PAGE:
Infographics Social Media Web 2.0

Don’t Always Believe the Experts

One of my problems with the way businesses (healthcare and other) have come to use social media platforms is that they treat them as if they are mass marketing vehicles. Wrong. These are powerful niche vehicles – and they are good for two way communication. I ran across this infographic (below) last weekend. It purports to share with us the best and worst times to post on social media. Honestly, they don’t have a clue. The best time to post is totally dependent on who you are communicating with. If you’re speaking with physicians, they are often on social media between 5:30am and 6:30am and then again late in the evening. Many moms access their social media accounts before everyone gets up in the morning (before the craziness starts) and after the kids go to bed at night.

I would also point out that on a platform like Twitter you can share the same information at a couple of different times throughout the day. No harm. No risk of wearing out your followers. Twitter followers are like geese migrating. All day long they are flying overhead. The odds of your Tweet hitting them at the right time are not great. So modest redundancy is helpful. The same can be said of Facebook. Most of the people who have “liked” your Facebook page never come back to it. If you’re lucky, they will occasionally see your posts in their news feed. Therefore, redundant sharing of information on your Facebook Wall (helpful reminders) will not run off your followers, as long as your Facebook strategy involves more than simply pushing content. If you’re just a content pusher, then you may have problems.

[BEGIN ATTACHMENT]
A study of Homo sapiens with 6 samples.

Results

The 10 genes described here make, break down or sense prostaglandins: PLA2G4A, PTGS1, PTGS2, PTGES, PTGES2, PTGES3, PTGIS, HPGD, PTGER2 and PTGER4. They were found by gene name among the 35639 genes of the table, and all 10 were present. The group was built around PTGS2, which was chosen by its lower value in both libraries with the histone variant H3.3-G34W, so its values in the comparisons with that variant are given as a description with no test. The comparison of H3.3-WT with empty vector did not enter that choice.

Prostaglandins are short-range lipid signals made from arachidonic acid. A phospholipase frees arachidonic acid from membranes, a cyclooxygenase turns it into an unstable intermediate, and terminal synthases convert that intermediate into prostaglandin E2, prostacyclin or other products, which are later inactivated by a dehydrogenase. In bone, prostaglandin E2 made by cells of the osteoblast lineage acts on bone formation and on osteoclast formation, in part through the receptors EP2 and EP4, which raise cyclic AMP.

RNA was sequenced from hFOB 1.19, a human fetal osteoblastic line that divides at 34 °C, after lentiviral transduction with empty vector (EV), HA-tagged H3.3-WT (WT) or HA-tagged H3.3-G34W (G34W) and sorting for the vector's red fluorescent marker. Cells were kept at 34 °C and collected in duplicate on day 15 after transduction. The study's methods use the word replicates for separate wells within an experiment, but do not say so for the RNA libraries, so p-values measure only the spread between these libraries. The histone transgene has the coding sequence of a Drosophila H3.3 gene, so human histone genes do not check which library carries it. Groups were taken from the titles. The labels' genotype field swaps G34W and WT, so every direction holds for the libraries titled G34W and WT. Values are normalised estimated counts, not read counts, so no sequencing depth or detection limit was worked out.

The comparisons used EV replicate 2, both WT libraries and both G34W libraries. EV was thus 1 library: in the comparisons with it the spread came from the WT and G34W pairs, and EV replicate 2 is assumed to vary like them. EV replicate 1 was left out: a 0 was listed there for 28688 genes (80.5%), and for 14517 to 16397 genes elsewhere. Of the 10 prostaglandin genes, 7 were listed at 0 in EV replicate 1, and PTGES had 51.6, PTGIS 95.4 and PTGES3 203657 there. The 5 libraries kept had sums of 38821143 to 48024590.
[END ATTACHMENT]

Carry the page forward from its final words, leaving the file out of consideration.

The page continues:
Enjoy the seriously flawed infographic below. Remember, when you think social media, think niche marketing. These tools let you become highly relevant to niche communities of shared interest.


4 comments on “Don’t Always Believe the Experts

  1. Always good to see the data. One a global tweeter I find it is useful to use a tweet scheduler and tweet out your messages at different times to hit multiple time zones.

    • Thanks Marie. Like you, I use a scheduler and schedule tweets for different time zones and dayparts. This isn’t a 9am-5pm medium. Always good to hear from you!

  2. Couldn’t agree more regarding scheduling and using tools to assist in that process. I also find, and it can take much more time than many want to spend, modifying my original tweets to speak to the needs of specific geographic-based audiences beneficial. For example, when tweeting about a client of mine from Ireland, I will use the word “behavioral” for US-focused tweets and “behavioural” for European focused tweets. To Dan’s point, effective social media is a two-way communicative medium and using words/ideas appropriate to the desired audience makes a big difference when one thinks they are just dealing with an automated machine (i.e. Jeff Bullas) pumping tweets out the backdoor.